Well, this is one case of where the picture doesn’t really tell the story. First, from Sally Fallon’s Nourishing Traditions, I think my favorite ever food and cooking book, I picked up on fermenting oatmeal. Somewhere else perhaps I read about how in various part of Scotland, in days of yore, people set aside a lower drawer in their kitchen for fermenting oatmeal where it would stay for months. I just soak cracked oats or groats which I purchased from Speerville Flour Mill for a few days. They are fine after a few hours, but after 2-3 days they become very sour. If you are not used to fermenting things you might think they are rotten but they are not: just as with sourdough fermentation of bread grains (mainly wheat, rye, spelt), the more fermentation you have, the more acid is produced at which point germs (bacteria) cannot feed on it. Or to put it another way: it won’t rot. There could be a little mold on the top at some point, but I think that depends on the temperature and substance. Anyway, the main thing about this post is to mention fermenting oatmeal.
Just as with bread grains, fermenting oat grains greatly increases the availability of the nutrients whilst boosting vitamin and other levels, partly from releasing them from being bound in a dormant seed, partly from the germination process initiated by soaking (at room temperature of course), but also I believe partly from the micro-organisms themselves – they are living things filled with vitamins, minerals and so forth.
Fermentation aside, I’ve always liked oatmeal. It’s not something you rave about, rather a solid friend or neighbour whom you know well and can always count on. Solid. Simple. True. My favorite oatmeal is from steel-cut oats, soaked overnight, then cooked very slowly and served with butter, cream and maple syrup. I remember doing a 6 week meditation retreat in the Rocky Mountains during winter one year. I was in a small, but well designed one-room cabin without electricity or running water. The toilet was a hole in the ground not far from the cabin. Heating was from a kerosene heater. Lights from kerosene lamps. It was very snug. I would wake up at 3.30 or 4.00 am to start practice and then around 6.30 or so break for breakfast, at which point the oatmeal, which had been simmering slowly all along, was now ready. They I could go out on the porch, often covered in a new blanket of fresh high mountain (very dry) snow, brush it away, and have my morning oatmeal with a strong black tea (with cream and sugar), and life was grand. Yes, oatmeal is a true friend.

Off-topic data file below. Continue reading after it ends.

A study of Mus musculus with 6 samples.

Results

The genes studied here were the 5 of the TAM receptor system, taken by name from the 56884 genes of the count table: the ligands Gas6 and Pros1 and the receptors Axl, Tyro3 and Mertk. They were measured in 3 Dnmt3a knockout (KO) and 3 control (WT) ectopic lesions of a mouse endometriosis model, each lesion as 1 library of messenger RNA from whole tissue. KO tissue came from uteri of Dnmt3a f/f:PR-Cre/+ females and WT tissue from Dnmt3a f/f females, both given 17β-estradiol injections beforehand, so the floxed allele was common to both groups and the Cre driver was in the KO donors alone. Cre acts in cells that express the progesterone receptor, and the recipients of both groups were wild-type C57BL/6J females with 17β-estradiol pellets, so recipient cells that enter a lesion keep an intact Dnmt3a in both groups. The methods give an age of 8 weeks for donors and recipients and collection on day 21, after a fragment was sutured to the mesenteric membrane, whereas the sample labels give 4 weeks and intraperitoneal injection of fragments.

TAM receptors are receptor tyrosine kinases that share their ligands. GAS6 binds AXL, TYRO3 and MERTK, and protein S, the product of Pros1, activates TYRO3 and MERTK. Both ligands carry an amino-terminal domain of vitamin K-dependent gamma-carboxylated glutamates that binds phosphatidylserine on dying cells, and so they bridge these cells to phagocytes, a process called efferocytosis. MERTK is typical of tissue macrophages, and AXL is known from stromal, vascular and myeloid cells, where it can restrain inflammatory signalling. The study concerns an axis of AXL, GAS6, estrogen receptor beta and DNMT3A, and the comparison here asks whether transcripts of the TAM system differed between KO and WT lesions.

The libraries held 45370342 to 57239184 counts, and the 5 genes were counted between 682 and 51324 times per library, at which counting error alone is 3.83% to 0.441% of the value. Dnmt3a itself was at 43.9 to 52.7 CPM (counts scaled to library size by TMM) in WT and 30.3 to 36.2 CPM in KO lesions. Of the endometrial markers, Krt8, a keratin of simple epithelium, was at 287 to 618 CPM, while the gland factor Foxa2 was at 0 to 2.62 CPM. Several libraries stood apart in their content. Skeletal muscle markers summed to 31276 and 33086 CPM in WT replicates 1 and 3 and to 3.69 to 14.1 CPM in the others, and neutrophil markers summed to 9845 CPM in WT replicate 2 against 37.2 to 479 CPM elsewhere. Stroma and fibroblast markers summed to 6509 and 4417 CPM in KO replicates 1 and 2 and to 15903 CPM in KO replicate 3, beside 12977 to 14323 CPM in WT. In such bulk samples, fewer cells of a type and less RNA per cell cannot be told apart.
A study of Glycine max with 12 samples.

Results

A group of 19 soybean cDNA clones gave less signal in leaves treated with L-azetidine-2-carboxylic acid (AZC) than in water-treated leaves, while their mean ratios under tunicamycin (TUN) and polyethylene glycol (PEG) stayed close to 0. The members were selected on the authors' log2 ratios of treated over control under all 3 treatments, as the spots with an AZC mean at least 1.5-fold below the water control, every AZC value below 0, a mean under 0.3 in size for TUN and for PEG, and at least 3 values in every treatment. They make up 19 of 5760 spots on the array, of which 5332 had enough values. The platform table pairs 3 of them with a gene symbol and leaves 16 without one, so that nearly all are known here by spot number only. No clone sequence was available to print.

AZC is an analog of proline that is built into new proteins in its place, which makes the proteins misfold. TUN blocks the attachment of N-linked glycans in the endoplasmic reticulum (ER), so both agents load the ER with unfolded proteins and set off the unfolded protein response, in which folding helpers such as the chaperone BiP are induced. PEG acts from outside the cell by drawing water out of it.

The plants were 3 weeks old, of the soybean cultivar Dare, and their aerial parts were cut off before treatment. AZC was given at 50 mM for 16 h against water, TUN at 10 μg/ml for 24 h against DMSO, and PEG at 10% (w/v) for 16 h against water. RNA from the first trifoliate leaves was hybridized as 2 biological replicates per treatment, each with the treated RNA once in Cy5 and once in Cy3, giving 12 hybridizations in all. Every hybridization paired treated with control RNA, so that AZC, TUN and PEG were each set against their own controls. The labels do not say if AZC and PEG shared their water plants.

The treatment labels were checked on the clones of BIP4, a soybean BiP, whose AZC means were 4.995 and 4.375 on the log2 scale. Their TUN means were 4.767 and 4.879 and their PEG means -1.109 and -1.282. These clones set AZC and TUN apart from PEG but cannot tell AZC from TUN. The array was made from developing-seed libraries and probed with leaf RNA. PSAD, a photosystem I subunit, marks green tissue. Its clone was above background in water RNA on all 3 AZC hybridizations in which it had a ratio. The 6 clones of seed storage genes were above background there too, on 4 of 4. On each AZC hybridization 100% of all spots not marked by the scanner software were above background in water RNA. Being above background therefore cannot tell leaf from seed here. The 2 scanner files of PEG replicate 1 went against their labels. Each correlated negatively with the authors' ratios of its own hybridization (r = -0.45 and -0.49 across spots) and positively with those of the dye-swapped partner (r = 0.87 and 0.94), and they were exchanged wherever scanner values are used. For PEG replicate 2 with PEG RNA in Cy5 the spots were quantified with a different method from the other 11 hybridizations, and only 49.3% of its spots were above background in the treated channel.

Here is the (playful) recipe for my Fermented Power Oatmeal, which although far more complex and even dramatic (the Maca Root), is really not as deeply pleasing to me as the steel-cut version described above):
1 cup fermented oatmeal
1.5 cups of water/fresh almond milk*
4 TBS left over ground almond meal (from making the milk)
cinnamon, nutmeg, cardamom
pinch of sea salt
table spoon of Maca Root (very cheap if purchased at Bulk Barn)
After it is cooked, which doesn’t take long if has been soaked for more than a day: add in some gloopy flax milk, and 2 tbs fresh-ground flax.
With a sour oatmeal like this (which is sweetened considerably by the almond and flax milks), I find you don’t need or want sugar, but if you do, try adding in some dates or apples (cooked with the oatmeal), or simply drizzle local honey on top.
* the amount of water to add varies with each batch, largely dependent upon how long you have soaked it. I throw away the extra soak water to reduce sourness, and also there might be phytic acid concentrate in it (I don’t know how that works with oatmeal), but if it has been soaked a long time, it seems about 1.5 to 1 is enough water, but earlier on it is more like 2.5 to 1. You have to keep stirring oatmeal anyway so if you see it is getting too dry, just add some hot water from the kettle a little bit at a time and when it stops absorbing any more, you have enough water or milk.